Model release for 40 year old photographs

Discussion in 'Business of Photography' started by edwin_barkdoll, Jul 19, 2015.

  1. I am not familiar with model release legality; since I rarely take photos of people except family I've never thought I had the need for a model release.
    I recently came across negatives I took between 1974 and 1976 of several teenagers or younger, i.e. 10-13 years old. I was about 16 years old myself and had never heard of a model release.
    Without a model release, particularly for children, can any commercial use be made of these 40+ year old photographs?
    Thanks
     
  2. If you mean commercial in the sense that one usually uses it when discussing the need for model releases, then probably not. But that's a general answer to a general question. It all really depends on the specifcs of the images, the intended uses and the laws that might apply.
     
  3. By commercial, do you mean licensed for use in advertising and marketing materials, other than advertising or marketing
    your own photographic services?
     
  4. 1. It depends what country/state you are in. Laws are different in different parts of the world.
    2. It depends what you mean by commercial use. Many people use the term to mean "earn money" but the law defines commercial use in a much stricter manner as "use to advertise, promote or market a cause, product, company or service". Selling prints for example is not commercial use.
     
  5. david_henderson

    david_henderson www.photography001.com

    Do you have any reason to believe that there is a commercial market for these photographs, beyond displaying in a gallery or use in a book? If not, there may not be a clear-cut answer .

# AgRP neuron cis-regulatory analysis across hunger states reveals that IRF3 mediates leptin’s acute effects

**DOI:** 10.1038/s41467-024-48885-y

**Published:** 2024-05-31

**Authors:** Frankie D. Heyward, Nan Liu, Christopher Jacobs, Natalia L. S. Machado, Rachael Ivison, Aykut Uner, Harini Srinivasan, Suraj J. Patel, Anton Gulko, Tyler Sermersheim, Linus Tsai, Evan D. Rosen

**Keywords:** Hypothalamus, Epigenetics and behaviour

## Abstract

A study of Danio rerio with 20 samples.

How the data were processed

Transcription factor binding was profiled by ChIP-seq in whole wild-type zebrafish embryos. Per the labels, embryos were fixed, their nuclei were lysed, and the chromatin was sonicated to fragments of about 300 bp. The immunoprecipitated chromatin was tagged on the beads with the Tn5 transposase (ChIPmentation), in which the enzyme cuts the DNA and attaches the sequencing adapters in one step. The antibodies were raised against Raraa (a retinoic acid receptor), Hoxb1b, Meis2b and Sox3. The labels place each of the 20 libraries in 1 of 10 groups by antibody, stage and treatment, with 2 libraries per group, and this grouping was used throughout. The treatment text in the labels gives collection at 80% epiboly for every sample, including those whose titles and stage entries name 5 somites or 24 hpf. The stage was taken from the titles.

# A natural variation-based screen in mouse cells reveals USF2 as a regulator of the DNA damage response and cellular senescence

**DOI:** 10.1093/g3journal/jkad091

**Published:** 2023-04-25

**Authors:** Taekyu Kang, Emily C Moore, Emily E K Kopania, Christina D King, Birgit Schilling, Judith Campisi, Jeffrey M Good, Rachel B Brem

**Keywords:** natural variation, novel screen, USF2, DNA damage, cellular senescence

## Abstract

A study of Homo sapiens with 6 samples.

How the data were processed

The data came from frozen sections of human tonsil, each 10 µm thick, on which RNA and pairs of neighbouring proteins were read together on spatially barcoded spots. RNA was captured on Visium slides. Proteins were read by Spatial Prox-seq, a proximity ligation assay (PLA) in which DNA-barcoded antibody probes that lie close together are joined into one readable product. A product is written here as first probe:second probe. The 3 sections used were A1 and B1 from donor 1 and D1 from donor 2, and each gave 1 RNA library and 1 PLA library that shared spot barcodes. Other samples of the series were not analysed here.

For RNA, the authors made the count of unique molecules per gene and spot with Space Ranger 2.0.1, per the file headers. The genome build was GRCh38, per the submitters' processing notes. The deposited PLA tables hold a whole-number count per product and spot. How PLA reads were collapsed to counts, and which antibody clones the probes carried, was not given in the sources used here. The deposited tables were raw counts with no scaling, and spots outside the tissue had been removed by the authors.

6. Thanks for the the helpful responses.

    I would like to submit them to a magazine for publication. They could then be used in their magazine and/or website. I'm
    not sure if that constitutes "commercial" use.

    I guess the best thing would be for me to query the magazine.
     
  7. david_henderson

    david_henderson www.photography001.com

    Given that its the publisher of an image that carries the risk ( unless you agree to indemnify them) then if the magazine will accept them without a release then that's a good situation for you. Its unlikely in any case that a release would be necessary if the purpose is editorial in nature. That said getting a release would clearly be difficult to impossible and it would be best to avoid the complexities of whether and how.
     
  8. Except for advertising, most use of photos in a magazine is editorial -- photos that illustrate a story or occasionally stand by themselves. That is not commercial use.

    What is the context here? What story would these photos go with? Why does the magazine want photos from 40 years ago and why these specific photos?

    You say you want to "submit them to a magazine for publication." Has a magazine approached you? Have you established that the magazine is interested? Simply sending in random pictures in the hope that someonne might want to publish them isn't the way it's done. Photos are usually purchased to accompany a story, and a photographer has to know about the story and the magazine's specific needs in order to know what to offer.
     
  9. Craig, I've published in this magazine before without being approached - i.e. by sending in "random" pictures. If it works I'm happy, if not nothing lost. However that is not really relevant to my original question.
     
  10. Well actually what Craig wrote is very relevant to your original question. Its easy to get confused by the terms "commercial use". So you need to say what kind of use is being contemplated. Editorial as Craig discussed can be paid work and the photos sold to a magazine, or the magazine can be bought and sold and the photographs not be considered a "commercial use" for which a release is needed.
     
  11. Edwin, if you got published that way, congratulations. Clearly there are some exceptions to what I said. Whichever way you get into print, unless it's advertising, most magazine use is going to fall under editorial, and no release is needed for editorial. If the magazine wants to use the photos in a way that needs a release, they will ask you for one. So go ahead and send the photos and see what happens.
     
  12. Again, thanks for the comments. I'll see what happens.